Many adults have experienced some form of maths-phobia or maths anxiety in their lives, commonly during early school years. Research suggests that this phenomenon is due to a complex web of factors in our social worlds (e.g. parents’ and teachers’ expectations), wider society (e.g. the stereotype that women are worse at mathematics), and individual aspects (e.g. self-belief and traits). In other words, we are told that maths is hard, that we will probably never be good at it and, if we don’t pick it up immediately, that we probably weren’t born with the “maths gene”. 

If you were always good at maths, you might have struggled in your physical education class instead – never quite achieving the level of physical coordination that your classmates could. Or maybe writing was the bane of your school days and stringing words together on the page was never your strong suit. Whatever yours was, most of us had one thing we learnt to tell ourselves we just “couldn’t do”. 

Sometimes these self-limiting beliefs are OK. Maybe we have no desire to use maths ever again and would receive no joy from introducing calculus to our lives. But what if conquering your fear of maths, or your lack of physical coordination, was the one thing standing between you and where you wanted to be? How do we overcome the lie we often tell ourselves – that there are just some things we can’t do?

Decades of research have been devoted to the subject of school achievement and the role that mindset has to play. In a large study published in 2019 in Nature, the authors tested whether teaching more than 12,000 North American high-school children about the importance of a growth mindset (that is, telling them that intelligence can be developed) would influence their performance. And – it did. Grades not only improved across the sample, but there was also a spike in children enrolling in advanced mathematics classes. These same effects have been found for adult learners across multiple studies too, although some researchers suggest that the greatest effect for these interventions are found for those who are most at-risk academically.

Across all the research findings, it appears that our fear of maths, our achievement more generally, and even our mental health have the ability to be influenced by something as malleable as our mindset. And a lot of it can come down to whether we tend towards holding a fixed mindset or a growth mindset.

A fixed mindset, according to pioneering researcher Carol Dweck, is one where people avoid challenges, they take feedback as criticism, and are disheartened by the success of others. On the flipside, people who hold a growth mindset towards life are more likely to embrace difficulties, show persistence and grit in the tasks they set their minds to, embrace criticism and become inspired by the achievement of other people. For those with a fixed mindset, they are likely to give up easily, plateau and perform beneath their full potential. For those people with a growth mindset, their achievements keep growing as they seek new challenges and persist through setbacks.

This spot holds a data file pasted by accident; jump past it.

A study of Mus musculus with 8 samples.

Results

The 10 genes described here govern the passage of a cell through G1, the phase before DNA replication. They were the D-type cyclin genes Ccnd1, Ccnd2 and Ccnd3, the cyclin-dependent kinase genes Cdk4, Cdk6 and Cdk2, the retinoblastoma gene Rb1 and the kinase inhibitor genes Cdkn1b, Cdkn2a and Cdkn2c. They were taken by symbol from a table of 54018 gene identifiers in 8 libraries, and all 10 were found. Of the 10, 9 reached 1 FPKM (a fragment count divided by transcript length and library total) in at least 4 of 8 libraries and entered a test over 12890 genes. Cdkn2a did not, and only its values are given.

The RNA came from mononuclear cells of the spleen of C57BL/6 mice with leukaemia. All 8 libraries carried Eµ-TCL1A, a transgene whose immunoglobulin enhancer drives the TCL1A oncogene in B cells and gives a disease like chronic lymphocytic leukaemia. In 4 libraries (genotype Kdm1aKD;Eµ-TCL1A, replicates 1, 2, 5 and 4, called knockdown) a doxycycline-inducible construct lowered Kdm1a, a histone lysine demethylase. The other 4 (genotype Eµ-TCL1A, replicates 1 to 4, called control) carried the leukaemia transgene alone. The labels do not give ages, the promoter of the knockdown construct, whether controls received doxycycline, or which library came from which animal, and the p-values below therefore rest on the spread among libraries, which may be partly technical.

So, how can we cultivate this valuable growth mindset within ourselves? 

  • Carol Dweck emphasises the power of one word in her TED Talk: the word “yet”. Growth mindset begins with the way we talk to ourselves and the way we talk to others. Instead of resigning yourself to the idea that you can’t do something, try telling yourself that you can’t do it yet and see how that influences your thinking. 
  • When reflecting on your achievements—and praising those of others (colleagues, children, friends)—try to emphasise the aspects of their achievement that required grit, work ethic and persistence (e.g. “Congratulations – I know you worked really hard to get there!”) rather than celebrating static traits (e.g. “It’s no wonder you won that award – you are so smart!”). While both warm wishes share positive intentions, one reminds the recipient that they can do hard things (growth mindset), while the other suggests that their achievements are due to their innate skill (fixed mindset).
  • Consider how growth mindset affects us in different domains. In one study published in Psychological Science, the authors found that the idea of “finding your one true passion” is one grounded in a fixed mindset. This rhetoric suggests that when we find the one thing we were supposedly born to do, we will have endless motivation, no difficulties, and devotedly spend our lives honing our craft. However, as the authors say, “Urging people to find their passion may lead them to put all their eggs in one basket but then to drop that basket when it becomes difficult to carry.” Instead, they recommend adopting a growth mindset to find and adopt new interests, hobbies, and activities. 

“You can’t teach an old dog new tricks” might be an idiom you use regularly about yourself or others. But, based on work by Carol Dweck and countless others, maybe you can teach an old dog new tricks – and the key to finding out lies in the dog’s mindset.

For more on harnessing our growth mindset through grit and grace, see our writing here. Or read here for our thoughts on maintaining flexible thinking during uncertain times.